It's easy to forget that wipers are a safety feature--until you end up driving in heavy rain or snow, or are blinded by glare. An unclean or obscured windshield is a true hazard. Just as you don't know the washer fluid tank is empty until it no longer squirts cleaner, drivers typically don't realize that the wipers are shot until the visibility is truly limited. And then it can be too late, as many accidents are a result of poor visibility.
Wiper blades have a finite service life, as they perform a hazardous duty in harsh conditions. Dirt, debris, and road grime abrade wipers, and sunlight breaks down their rubber edges. Beyond visibility, it is important not to wait too long to replace a blade, as a torn wiper blade can allow the wiper arm to rub against the glass, possibly ruining the windshield.
The good news is, based on our testing, that you don't have to spend a lot of money to get good performing windshield wipers, but you might need to replace them every six months or so.
To get the most from your existing wipers, inspect them periodically. Lift each wiper arm off the glass and run your finger along its rubber edge. If the rubber is rigid or chipped, or produces nonstop streaking, you need new wipers.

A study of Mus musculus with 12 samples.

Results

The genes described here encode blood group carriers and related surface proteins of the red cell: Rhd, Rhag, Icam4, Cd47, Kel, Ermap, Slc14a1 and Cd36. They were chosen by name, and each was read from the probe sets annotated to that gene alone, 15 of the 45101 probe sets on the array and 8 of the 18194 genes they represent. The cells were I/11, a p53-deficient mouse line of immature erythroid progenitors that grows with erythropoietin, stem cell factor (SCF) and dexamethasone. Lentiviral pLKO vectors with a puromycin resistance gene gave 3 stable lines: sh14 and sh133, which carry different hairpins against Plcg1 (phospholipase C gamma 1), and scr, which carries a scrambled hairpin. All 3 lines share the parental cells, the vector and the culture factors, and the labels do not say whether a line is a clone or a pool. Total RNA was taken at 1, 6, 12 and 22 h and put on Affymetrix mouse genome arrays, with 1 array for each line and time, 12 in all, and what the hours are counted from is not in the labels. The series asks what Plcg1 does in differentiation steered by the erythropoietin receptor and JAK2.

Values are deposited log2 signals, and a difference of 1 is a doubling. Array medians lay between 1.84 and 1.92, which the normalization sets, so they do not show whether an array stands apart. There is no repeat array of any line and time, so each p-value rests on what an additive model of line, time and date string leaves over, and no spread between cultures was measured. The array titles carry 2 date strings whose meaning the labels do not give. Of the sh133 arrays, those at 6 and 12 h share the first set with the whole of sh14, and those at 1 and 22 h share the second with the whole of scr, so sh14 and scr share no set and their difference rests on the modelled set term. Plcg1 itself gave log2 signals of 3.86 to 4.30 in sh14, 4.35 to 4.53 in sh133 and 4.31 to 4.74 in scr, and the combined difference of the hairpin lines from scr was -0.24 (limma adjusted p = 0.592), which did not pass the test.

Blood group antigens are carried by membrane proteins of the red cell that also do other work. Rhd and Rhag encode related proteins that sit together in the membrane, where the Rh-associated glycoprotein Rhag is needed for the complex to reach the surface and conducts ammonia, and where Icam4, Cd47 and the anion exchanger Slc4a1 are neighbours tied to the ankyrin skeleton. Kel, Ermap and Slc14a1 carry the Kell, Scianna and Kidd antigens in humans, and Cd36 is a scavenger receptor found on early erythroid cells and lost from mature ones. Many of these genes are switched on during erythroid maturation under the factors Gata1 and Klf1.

If the wipers are in decent physical condition but not clearing the windshield effectively, clean them. Simply put windshield washer fluid or mild dish liquid on a damp sponge or rag and wipe debris off the rubber and the windshield where the wiper rests. You might be rewarded with a couple more months of a clear windshield without spending money on replacements.
When the time comes for new blades, remember to replace them in pairs. If one is worn out, its mate can't be far behind.
Don't forget to check the rear wiper, if your vehicle has one. Even though it may not get as much use as the front wipers, it is exposed to the elements.